SAN DIEGO -- Addison Russell had a pretty unique view in his first All-Star Game on Tuesday night.
As he looked around the infield, the Cubs shortstop was surrounded only by his own teammates. For only the second time in baseball history and the first since 1963, the Cubs fielded the entire starting infield for the National League squad, which lost to the American League 4-2 in front of 42,386 at Petco Park. Kris Bryant started at third, Ben Zobrist was at second and Anthony Rizzo started at first.
“It’s pretty special,” Russell said. “Just to be at an All-Star Game and see them on this type of stage, on this day with all of us here together is special.
“We worked really hard to get to this point.”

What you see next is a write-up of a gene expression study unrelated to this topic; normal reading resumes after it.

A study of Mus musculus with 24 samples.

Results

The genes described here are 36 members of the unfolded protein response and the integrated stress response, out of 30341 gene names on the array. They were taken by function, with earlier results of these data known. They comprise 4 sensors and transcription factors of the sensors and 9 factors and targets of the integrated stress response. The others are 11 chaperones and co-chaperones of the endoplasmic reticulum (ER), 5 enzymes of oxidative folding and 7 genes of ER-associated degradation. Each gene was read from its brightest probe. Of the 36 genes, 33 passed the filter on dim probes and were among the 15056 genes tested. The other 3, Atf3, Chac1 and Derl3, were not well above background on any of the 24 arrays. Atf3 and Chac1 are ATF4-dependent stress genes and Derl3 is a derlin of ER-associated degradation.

Russell batted twice and went 0-for-2. He put a nice swing on a 94-mph fastball from Cole Hamels in the third inning, but flew out to the warning track in center despite a nice sound off his bat.
Russell also grounded into a fielder’s choice off Toronto’s Aaron Sanchez in the fourth inning.
One of seven Cubs to make the All-Star Game, Russell was one of 34 first-time All-Stars along with teammate Dexter Fowler and White Sox pitcher Jose Quintana.
Before the game, Russell said one of his biggest goals of the All-Star extravaganza was to meet Boston Red Sox legend David Ortiz, who plans to retire after this season and likely played in his 10th and final All-Star Game.
“It’s pretty cool being in my first All-Star Game and he’s in his last,” Russell said. “I can tell my children some day about this. It’s generational. I’m trying to soak it in and chalk it up as a valuable experience.”
Tuesday’s game marked only the second time in All-Star history that four Cubs started a game together along with 1936. The 1963 St. Louis Cardinals are the only other team to boast an entire starting infield. That group featured Bill White at first, Julian Javier at second base, shortstop Dick Groat and third baseman Ken Boyer.